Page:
Pennsylvania hospitals were more profitable in 1997 than in 1996, according to a report released last week by an independent state agency.
Hospital industry representatives there said the data are too old and paint an unrealistic picture of hospitals' finances.
The situation mirrors one in New York, where hospital executives have criticized a recent state health department report that said New York hospitals enjoyed record profits in 1997 (March 15, p. 44).
In Pennsylvania, hospitals' aggregate overall total profit margin rose to 4.2% in 1997 from 3.9% in 1996, said the report from the Pennsylvania Health Care Cost Containment Council. The figures are based on data from 201 acute-care hospitals.
The 50 most profitable hospitals in the state had an average margin of 7.3% in 1997, up from 6.8% in 1996. Over the same period, 35 hospitals lost money, with six accounting for 83% of the $194 million in losses.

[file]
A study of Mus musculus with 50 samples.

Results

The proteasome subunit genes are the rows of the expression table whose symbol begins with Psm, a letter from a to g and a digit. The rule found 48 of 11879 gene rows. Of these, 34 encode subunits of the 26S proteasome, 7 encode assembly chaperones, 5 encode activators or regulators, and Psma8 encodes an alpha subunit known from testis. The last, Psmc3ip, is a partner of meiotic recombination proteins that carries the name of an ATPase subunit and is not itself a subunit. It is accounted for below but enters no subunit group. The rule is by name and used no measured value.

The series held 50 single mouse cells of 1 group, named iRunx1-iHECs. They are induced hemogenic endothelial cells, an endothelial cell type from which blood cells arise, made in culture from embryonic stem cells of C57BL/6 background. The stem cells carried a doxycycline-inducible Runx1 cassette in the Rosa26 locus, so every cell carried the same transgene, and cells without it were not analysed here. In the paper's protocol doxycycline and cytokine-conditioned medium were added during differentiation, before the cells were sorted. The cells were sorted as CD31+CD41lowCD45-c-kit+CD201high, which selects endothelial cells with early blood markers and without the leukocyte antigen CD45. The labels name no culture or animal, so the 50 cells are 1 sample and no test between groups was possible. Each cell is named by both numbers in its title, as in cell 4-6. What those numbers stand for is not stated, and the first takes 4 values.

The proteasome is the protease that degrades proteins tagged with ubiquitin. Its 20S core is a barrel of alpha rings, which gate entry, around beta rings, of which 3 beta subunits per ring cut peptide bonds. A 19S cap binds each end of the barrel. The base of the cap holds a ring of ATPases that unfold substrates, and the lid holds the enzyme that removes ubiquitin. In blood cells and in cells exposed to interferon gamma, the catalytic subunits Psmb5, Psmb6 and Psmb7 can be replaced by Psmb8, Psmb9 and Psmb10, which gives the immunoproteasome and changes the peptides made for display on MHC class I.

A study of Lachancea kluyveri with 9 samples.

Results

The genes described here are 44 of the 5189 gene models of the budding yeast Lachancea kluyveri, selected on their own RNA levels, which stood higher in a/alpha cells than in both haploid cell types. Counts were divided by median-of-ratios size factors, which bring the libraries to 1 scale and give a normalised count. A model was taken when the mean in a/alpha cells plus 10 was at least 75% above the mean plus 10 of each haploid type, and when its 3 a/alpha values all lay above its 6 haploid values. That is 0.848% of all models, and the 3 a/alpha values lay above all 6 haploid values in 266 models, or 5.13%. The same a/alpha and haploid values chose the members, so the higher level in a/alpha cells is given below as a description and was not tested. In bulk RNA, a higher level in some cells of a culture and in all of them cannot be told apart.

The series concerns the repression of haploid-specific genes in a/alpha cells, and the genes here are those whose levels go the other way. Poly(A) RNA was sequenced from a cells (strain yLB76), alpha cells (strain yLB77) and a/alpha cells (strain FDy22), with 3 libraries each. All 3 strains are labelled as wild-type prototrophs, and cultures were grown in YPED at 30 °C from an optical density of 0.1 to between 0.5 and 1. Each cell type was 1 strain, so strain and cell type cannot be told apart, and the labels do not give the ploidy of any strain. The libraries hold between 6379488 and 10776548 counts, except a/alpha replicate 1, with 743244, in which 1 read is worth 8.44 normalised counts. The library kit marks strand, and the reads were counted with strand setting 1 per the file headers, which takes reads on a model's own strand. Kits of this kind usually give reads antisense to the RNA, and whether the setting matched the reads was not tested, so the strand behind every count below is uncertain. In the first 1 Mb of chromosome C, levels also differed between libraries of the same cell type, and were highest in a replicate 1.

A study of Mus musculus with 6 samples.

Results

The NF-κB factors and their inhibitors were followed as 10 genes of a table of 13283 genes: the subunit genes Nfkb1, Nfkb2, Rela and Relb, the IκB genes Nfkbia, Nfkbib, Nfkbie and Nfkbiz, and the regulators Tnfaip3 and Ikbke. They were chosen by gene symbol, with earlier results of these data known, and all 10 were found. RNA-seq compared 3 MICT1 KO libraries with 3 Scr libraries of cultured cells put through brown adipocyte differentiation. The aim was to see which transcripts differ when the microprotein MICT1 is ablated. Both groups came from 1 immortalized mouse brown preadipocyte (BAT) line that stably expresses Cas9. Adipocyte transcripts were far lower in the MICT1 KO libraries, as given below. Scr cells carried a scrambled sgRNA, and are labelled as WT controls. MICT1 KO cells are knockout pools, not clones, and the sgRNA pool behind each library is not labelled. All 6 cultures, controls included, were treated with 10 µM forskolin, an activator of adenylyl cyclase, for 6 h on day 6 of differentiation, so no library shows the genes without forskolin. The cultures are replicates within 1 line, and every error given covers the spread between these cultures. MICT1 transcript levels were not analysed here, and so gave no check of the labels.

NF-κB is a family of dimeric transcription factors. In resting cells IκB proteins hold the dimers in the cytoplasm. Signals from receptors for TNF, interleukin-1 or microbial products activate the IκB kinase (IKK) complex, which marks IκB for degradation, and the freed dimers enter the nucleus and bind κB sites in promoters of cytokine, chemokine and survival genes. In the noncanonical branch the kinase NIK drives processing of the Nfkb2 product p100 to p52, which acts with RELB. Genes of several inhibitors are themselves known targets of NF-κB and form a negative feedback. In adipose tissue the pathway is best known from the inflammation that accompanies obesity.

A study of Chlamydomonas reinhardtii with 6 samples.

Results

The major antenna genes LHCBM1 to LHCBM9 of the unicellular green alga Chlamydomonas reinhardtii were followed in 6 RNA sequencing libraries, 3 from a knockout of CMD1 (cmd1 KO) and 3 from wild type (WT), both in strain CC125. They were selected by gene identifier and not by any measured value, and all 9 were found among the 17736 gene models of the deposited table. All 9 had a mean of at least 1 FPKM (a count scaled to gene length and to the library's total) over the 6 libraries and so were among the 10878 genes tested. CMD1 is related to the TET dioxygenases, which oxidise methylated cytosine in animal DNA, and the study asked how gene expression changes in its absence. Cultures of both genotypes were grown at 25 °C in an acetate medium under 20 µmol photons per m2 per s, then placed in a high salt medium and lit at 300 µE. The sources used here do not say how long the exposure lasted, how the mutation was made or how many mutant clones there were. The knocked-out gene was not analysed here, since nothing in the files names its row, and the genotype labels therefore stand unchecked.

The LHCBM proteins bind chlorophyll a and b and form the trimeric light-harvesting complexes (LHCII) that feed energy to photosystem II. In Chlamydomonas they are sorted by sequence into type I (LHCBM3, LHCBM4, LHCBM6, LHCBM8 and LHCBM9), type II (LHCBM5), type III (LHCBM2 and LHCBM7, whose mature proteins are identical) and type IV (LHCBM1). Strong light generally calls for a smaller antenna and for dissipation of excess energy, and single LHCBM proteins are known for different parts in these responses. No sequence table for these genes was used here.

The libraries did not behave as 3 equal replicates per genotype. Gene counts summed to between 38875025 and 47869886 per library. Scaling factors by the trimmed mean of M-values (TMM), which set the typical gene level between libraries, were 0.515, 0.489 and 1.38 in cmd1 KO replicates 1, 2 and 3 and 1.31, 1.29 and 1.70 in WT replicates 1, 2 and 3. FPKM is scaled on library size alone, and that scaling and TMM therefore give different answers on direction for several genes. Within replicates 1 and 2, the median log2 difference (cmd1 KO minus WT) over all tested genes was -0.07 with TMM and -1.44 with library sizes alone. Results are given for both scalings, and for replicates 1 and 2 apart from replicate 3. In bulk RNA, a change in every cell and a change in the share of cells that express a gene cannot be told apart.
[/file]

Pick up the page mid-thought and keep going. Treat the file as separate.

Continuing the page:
The report noted that Medicare payments rose 1% during 1997 but acknowledged that revenues and Medicare payments "are anticipated to fall as a result of the Balanced Budget Act" enacted that year.
A more recent analysis shows a financial slowdown has already begun.
The report, based on fiscal 1998 data compiled by the Hospital and Healthsystem Association of Pennsylvania, showed that 59% of hospitals in the state reported a drop in net income from 1997.
"Total margins for many hospitals have been bolstered by returns from a strong stock market," Carolyn Scanlan, the association's president and chief executive officer said. "These returns can be misleading and in fact fleeting should the stock market decline."